The European Union banned oil imports from Syria on Friday in a move that will cost the embattled regime millions of dollars each day as it uses deadly force to try to crush a five-month-old uprising. The same day, activists said, at least 13 people were killed in the crackdown.
The deaths came as President Bashar Assad's security forces fired on thousands of anti-government protesters and surrounded mosques in southern and eastern cities to prevent worshippers from streaming into the streets to join the rallies, activists said. The UN estimates some 2,200 people have been killed since March as protesters face a barrage of shells and sniper fire.
The regime is in no imminent danger of collapse, but the protesters are determined, leading to concerns violence could escalate.
On Friday, Syrian protesters marched under the slogan "Death Rather Than Humiliation."
The EU oil ban follows other international sanctions and blistering worldwide condemnation. The EU ban covers the purchase, import and transport of oil and other petroleum products from Syria. The EU also has banned European banks from opening credit lines for such sales, and prohibited insurance companies from insuring the cargos.
In addition to the oil ban, four more Syrian individuals and three entities were added to a list of those facing an EU asset freeze and travel ban.
Over the past few months, the EU has imposed travel bans and asset freezes against 35 Syrian government officials and military and police commanders, including Assad himself.
Syria exports some 150,000 barrels of oil per day, generating $7 million to $8 million daily, according to David Schenker, director of the Program on Arab Politics at the Washington Institute for Near East Policy.
The vast majority of that oil goes to the European Union.
Isolating Assad's regime
Without that revenue, Syria will likely burn through foreign reserves far more quickly. It had $17 billion in reserves at the start of the uprising. Still, some analysts believe Syria is getting financial assistance from Iran, which would cushion the EU blow.
Syria gets about 28% of its revenue from the oil trade and sells fuel to France, Germany, Italy and the Netherlands. The EU has in the past been reluctant to ban Syrian oil and gas imports for fear of the impact on the Syrian public and small businesses.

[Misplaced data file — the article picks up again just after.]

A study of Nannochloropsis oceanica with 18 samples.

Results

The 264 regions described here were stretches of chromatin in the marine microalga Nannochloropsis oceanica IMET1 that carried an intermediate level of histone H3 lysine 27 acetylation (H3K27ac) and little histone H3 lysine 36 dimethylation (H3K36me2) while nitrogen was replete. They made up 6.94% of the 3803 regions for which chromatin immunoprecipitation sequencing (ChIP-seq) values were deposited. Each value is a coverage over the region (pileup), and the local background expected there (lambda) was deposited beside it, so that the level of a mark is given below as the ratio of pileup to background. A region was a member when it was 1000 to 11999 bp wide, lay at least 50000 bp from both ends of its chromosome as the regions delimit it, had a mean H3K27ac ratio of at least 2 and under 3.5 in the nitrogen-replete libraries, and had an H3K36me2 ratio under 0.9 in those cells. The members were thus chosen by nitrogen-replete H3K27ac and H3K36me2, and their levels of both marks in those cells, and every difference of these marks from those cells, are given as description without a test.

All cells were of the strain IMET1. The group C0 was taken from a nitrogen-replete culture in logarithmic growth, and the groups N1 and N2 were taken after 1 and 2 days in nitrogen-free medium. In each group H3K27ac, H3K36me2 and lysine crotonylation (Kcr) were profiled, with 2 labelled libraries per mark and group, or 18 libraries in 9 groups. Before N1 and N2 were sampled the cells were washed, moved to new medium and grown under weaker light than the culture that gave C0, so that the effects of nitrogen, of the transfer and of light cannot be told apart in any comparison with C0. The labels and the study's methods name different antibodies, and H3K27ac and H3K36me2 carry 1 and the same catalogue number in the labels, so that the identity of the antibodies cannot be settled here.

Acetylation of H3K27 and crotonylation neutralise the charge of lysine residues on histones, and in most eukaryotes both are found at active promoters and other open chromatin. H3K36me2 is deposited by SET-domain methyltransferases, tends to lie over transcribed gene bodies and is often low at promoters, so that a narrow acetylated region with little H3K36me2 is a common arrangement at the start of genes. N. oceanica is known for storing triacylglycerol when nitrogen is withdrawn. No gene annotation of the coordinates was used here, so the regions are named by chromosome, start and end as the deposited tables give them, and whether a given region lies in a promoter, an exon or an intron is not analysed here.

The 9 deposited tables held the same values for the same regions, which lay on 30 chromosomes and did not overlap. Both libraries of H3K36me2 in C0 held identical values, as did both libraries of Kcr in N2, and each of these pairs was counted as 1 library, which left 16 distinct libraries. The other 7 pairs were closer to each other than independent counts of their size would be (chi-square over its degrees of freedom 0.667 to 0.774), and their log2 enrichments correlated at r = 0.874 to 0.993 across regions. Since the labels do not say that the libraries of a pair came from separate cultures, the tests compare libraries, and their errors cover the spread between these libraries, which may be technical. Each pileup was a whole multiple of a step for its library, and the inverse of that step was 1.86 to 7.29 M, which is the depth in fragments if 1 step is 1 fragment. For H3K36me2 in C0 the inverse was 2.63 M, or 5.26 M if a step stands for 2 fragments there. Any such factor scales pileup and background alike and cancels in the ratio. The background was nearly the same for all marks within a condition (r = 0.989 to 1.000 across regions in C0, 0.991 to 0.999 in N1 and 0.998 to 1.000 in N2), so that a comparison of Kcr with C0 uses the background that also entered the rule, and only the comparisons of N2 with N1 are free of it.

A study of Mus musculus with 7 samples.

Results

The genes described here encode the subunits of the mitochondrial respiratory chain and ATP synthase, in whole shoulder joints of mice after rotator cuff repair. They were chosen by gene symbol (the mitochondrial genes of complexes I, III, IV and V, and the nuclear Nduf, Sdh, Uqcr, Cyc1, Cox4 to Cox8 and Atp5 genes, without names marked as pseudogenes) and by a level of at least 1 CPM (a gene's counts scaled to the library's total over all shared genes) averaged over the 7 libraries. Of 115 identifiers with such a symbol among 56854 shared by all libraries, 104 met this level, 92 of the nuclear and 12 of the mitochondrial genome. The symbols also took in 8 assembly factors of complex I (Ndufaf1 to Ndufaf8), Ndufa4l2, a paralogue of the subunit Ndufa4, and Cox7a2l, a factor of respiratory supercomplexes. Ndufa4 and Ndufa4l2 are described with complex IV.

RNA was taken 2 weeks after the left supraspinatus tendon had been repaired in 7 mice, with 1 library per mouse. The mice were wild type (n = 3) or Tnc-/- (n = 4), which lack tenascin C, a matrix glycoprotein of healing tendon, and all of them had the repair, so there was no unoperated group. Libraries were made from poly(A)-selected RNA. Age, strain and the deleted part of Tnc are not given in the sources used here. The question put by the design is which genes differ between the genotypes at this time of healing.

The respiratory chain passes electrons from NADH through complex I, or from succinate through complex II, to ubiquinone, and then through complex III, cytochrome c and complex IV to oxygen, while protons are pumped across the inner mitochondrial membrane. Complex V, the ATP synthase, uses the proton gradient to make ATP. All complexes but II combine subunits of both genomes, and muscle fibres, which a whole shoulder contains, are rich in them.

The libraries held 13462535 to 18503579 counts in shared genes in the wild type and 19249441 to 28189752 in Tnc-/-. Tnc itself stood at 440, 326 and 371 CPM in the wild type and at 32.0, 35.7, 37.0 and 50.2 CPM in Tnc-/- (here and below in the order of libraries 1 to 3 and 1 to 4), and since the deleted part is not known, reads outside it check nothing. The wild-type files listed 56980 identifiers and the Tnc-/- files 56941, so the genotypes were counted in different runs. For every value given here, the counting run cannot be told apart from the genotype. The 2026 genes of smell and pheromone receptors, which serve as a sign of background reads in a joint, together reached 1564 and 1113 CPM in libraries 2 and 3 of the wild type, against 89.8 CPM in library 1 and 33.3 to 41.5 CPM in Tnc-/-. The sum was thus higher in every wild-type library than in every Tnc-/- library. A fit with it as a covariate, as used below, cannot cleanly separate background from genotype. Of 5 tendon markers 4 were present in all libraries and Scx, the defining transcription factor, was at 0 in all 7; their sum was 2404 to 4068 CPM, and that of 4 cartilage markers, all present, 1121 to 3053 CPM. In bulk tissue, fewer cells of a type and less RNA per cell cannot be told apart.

The EU oil embargo will bring the 27-nation bloc in line with the latest US moves to isolate Assad's regime, including a ban on the import of petroleum or related products.
In Poland, foreign ministry spokesman Marcin Bosacki told The Associated Press that the embargo is taking effect on Saturday. He said that EU foreign ministers meeting in the Baltic Sea resort of Sopot, in Poland, were to discuss the situation in Syria later Friday.
Some EU nations have been lobbying for other sectors to be added to the sanctions regime, including telecommunications and banking.
Recent weeks have seen a subtle change in tone among some activists, who are calling on Syrians to take up arms and inviting foreign military action like the intervention that helped topple the government of Libya.
"The possibility of conflict in Syria entering a new phase is becoming more likely following almost six months of largely peaceful protests ... and growing external pressure," according to a briefing by Maplecroft, a British-based risk analysis company.
Syrian troops fanned out Friday in cities including Daraa in the south and the eastern city of Deir el-Zour, according to the London-based Syrian Observatory for Human Rights. Syria has banned foreign journalists and restricted local coverage, making it difficult to independently confirm events on the ground.